Help is at hand
I’m not much for self-help books. It’s not that I don’t need help, I need all the help I can get, but they pretty much all share the same message as lyrics from any Andrew Lloyd Webber musical: You have the power within. Some people can’t seem to help themselves and they write multiple self-help tomes. Hard on the heels of Lean In, Sheryl Sandberg’s book about how women could make faster progress in business, she has a sequel called Option B.
Lean In seemed to be about having a supportive husband who could help with the work-life balance. But suddenly, he died. Two years later, Sandberg has a new book about grief. The main takeaway? Every night, write down three moments of joy. I’ve done some grieving in my time. I look at my daybook for the rest of the year following my wife’s death in May 2011 and I see events I attended of which I have no recollection. Three moments of joy? Each day? Right.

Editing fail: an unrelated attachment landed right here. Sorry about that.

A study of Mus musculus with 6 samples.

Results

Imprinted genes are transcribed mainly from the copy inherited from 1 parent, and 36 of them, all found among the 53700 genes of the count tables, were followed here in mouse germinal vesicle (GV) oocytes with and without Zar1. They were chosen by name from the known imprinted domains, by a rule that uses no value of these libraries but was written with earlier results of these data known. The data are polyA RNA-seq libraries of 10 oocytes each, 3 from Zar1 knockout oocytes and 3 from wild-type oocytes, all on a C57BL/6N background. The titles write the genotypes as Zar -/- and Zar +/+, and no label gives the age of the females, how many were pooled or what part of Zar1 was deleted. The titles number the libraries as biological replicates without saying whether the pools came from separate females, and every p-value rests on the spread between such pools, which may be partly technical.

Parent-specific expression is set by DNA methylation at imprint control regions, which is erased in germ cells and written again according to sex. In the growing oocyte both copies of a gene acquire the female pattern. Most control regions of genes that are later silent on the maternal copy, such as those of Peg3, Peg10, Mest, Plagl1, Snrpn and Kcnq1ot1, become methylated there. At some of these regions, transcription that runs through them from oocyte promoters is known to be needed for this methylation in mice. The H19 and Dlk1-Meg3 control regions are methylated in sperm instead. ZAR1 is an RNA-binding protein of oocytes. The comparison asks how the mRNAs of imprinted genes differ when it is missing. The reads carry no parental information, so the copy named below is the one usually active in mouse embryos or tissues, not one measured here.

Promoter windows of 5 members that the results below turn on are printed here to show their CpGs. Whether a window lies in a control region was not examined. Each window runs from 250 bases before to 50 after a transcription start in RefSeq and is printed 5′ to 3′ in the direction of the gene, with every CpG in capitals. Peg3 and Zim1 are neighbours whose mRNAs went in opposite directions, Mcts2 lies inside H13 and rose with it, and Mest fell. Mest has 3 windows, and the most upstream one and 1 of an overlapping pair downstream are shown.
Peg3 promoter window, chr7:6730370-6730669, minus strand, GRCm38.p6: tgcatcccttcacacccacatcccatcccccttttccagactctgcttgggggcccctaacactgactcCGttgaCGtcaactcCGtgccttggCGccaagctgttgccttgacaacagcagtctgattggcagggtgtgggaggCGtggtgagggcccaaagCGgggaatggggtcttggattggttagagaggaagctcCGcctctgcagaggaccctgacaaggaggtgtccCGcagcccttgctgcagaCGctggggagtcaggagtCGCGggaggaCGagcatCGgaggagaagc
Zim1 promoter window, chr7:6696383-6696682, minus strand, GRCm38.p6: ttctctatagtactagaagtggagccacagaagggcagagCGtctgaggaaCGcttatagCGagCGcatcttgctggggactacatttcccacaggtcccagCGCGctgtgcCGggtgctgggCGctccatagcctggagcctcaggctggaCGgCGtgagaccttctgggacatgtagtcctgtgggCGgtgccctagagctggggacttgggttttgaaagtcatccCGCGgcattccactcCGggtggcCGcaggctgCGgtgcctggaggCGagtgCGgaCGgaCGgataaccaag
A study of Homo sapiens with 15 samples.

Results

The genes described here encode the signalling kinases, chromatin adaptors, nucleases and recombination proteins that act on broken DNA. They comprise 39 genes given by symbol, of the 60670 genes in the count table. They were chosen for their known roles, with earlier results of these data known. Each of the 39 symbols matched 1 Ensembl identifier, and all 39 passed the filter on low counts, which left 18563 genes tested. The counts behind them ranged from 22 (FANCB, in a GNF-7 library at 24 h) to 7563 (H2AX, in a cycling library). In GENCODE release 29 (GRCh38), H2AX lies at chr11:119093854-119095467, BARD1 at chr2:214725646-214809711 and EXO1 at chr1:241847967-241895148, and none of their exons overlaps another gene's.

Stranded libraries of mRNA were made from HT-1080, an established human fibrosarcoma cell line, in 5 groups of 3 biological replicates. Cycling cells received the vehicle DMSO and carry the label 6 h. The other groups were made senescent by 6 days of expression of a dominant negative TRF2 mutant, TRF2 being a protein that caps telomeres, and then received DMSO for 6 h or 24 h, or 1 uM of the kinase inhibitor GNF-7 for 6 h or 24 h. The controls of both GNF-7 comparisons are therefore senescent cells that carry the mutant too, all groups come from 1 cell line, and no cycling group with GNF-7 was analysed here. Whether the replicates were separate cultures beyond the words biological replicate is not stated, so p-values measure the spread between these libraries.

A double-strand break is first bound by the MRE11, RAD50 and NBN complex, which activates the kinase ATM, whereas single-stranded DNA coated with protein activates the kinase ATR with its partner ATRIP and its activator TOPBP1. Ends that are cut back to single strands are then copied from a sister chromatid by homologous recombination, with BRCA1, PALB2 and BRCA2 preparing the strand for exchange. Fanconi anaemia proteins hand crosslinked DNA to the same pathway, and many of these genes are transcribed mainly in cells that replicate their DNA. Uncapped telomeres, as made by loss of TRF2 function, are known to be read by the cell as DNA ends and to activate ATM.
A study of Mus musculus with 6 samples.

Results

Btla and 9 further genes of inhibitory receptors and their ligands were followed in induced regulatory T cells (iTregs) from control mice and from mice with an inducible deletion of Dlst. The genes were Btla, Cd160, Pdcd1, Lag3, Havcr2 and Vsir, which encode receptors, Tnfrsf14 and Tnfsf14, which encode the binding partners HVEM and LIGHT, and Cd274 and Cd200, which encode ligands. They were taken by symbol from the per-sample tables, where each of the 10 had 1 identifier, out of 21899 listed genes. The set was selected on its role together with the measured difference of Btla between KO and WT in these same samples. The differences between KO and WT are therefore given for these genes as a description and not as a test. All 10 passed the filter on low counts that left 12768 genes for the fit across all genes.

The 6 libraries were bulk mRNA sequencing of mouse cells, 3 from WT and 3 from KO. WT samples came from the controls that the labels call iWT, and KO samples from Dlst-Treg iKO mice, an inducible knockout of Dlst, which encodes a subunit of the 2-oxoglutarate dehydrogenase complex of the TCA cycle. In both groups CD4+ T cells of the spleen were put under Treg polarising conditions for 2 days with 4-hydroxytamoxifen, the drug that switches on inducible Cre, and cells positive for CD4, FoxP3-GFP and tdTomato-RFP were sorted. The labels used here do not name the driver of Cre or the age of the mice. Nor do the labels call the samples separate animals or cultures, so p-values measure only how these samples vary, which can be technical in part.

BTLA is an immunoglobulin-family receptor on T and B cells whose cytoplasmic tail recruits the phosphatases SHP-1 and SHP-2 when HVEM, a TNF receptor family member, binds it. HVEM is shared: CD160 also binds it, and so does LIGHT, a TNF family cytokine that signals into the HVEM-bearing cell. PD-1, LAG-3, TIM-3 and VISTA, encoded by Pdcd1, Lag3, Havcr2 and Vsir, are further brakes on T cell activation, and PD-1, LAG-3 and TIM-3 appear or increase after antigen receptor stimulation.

But everybody deals with grief in different ways. Some people survive; others never surface. More relevant than Sandberg’s books, or the ubiquitous books on finding happiness, of which there are far too many, may I point to The Power of Meaning by Emily Esfahani Smith. Smith’s thesis is that happiness is not the issue, it’s the meaning in your life that matters. And that comes from four places: belonging, purpose, transcendence, and story-telling.
Belonging is about family, community, friends. Purpose is doing something significant like volunteer work or, in my case, writing books, which covers story-telling too. As for transcendence, maybe that’s a bit more mystical. I’ve had some transcendent moments this spring, such as spending ten minutes admiring a neighbour’s magnolia in bloom or picking a nosegay of lily-of-the-valley for someone special. But am I capable of longer-lasting transcendent spells? I’m working on it.